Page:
Red-letter days: top tips for getting a written response from a Chinese leader
Xinhua offers some advice for anybody hoping to get one of the rare replies from the president
Thousands of people write to President Xi Jinping each week but young people and favoured industry groups have a higher chance of being among the handful each year who receive a reply, according to Chinese media reports.
According to the Southern Metropolis News, about 2,000 letters from the public are sent to Chinese leaders via the State Bureau for Letters and Visits each day, with about two-thirds addressed directly either to the president or Premier Li Keqiang.
But Xi has replied to just 20 of those letters since 2013, including just two last year, according to Communist Party website Cpcnews.cn.
The presidential replies have been a window on the priorities of the state leader since the days of Mao Zedong.
On its WeChat account on Friday, Xinhua offered would-be letter writers some top tips to improve their chances of a getting a personal answer.
First, it helps to be a youth group or a young person.
Xi’s most recent letter was to a group of 100 Chinese university students touring historic party sites and taking part in poverty alleviation projects on the mainland.
“I feel very happy that your thoughts have been purified on the tour and you have achieved positive results in helping people in poverty,” CCTV quoted Xi as saying in the letter on Tuesday.
Xinhua also recommended linking the letter to a key date such as Labour Day or the anniversary of the People’s Liberation Army, prime opportunities for the president to send a message to the nation.
Industries or groups related to a pressing policy concern also have a better chance, according to the report.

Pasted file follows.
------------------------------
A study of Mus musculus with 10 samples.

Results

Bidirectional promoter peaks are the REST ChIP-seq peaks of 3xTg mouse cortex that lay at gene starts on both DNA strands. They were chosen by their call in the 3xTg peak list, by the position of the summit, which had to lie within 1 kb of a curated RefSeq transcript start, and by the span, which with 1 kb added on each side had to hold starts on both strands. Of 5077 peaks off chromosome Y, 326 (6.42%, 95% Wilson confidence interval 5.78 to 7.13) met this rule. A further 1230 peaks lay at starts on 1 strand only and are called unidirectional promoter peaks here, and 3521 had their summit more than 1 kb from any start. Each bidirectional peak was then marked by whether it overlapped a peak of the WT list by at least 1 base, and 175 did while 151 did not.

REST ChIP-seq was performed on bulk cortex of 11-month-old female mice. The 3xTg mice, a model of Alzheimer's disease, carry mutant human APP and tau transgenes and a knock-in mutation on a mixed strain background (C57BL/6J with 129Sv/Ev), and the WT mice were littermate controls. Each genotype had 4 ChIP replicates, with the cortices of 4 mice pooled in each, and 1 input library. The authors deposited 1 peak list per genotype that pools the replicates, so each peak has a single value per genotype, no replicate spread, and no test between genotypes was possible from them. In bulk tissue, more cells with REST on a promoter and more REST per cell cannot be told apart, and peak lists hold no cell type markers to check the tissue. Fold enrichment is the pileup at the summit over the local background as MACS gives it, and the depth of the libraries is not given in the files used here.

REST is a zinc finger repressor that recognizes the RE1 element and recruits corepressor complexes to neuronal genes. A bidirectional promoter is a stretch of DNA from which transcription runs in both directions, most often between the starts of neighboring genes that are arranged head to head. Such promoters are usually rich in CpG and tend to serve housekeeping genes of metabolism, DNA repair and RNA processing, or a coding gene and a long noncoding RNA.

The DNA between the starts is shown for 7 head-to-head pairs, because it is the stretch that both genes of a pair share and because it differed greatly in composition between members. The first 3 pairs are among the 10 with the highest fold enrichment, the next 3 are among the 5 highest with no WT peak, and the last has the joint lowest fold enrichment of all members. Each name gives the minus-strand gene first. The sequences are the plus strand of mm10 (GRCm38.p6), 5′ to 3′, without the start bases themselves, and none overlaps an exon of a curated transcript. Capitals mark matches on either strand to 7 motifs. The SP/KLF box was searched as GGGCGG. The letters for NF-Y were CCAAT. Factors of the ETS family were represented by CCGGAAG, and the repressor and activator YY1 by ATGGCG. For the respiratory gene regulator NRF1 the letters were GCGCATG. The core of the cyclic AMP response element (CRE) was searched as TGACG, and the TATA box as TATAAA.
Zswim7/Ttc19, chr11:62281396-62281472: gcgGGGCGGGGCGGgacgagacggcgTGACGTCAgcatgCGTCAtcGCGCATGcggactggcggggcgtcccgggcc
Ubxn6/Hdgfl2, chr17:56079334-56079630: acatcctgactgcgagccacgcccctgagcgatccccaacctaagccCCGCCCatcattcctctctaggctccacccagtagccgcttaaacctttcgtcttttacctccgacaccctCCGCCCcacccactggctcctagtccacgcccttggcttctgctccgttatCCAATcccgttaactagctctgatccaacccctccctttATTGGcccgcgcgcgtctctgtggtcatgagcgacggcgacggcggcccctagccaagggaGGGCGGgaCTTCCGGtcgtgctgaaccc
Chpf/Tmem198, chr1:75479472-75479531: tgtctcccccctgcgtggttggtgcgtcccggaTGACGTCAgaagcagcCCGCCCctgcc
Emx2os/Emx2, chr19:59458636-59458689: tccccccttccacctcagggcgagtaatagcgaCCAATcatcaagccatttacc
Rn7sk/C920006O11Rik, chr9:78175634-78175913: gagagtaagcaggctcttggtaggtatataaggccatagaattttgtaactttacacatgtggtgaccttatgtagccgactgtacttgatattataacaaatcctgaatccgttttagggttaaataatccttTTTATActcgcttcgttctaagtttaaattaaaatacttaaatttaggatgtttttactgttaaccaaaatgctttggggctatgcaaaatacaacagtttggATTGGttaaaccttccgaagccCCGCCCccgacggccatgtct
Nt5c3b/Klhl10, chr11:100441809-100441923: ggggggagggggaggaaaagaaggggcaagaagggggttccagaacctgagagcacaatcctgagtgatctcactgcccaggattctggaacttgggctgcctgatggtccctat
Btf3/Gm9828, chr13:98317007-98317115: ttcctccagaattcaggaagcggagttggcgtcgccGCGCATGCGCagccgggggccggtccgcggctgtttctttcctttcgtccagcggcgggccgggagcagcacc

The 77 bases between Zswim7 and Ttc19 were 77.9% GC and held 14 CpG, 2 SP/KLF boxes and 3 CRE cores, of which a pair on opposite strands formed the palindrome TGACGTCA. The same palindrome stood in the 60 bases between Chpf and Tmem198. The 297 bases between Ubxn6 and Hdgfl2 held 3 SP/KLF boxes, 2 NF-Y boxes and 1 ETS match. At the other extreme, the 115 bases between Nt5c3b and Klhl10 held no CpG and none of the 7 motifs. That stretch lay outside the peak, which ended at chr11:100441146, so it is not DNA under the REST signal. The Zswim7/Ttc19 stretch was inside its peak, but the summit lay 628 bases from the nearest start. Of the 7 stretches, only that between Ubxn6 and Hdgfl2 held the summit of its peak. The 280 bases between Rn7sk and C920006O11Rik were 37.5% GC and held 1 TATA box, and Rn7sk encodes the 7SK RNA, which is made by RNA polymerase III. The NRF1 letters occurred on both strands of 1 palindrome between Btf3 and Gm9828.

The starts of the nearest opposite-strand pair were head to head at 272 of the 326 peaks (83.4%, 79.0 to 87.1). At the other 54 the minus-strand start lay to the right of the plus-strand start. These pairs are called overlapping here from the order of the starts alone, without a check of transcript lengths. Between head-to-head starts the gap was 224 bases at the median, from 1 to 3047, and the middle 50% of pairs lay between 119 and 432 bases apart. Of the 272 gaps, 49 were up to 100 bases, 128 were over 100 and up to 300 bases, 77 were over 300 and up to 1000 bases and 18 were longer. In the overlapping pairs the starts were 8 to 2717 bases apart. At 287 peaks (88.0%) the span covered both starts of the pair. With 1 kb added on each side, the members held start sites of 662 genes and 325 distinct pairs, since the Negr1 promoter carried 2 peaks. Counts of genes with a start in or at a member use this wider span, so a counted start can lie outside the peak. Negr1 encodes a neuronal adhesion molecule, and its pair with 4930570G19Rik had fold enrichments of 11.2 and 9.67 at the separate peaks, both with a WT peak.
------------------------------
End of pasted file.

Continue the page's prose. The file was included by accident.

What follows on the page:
For example, in 2014 Xi replied to a letter from 30 Chinese entrepreneurs to show the state’s concern for business development.
In addition, anybody putting pen to paper need only put the leader’s name and title on the envelope – no address is necessary.
All letters sent to the leadership go to a post office in Zhongnanhai, the party and State Council’s headquarters in the capital.
As rare as the replies may be, each one from Xi will be two to three paragraphs long and include a reference to “the Chinese dream”, according to the Shanghai Observer.
In the United States, former president Barack Obama reportedly read 10 of the more than 40,000 letters sent to the White House each day of his time in office.
Those letters were selected by hundreds of interns, volunteers and staff, according to The New York Times.
In Britain, one of Queen Elizabeth’s more notable replies was to a British man who mailed her a birthday card along with £50 to buy some tea for her 90th birthday last year. The queen returned the money with a letter from her secretary saying she was most touched by the gift.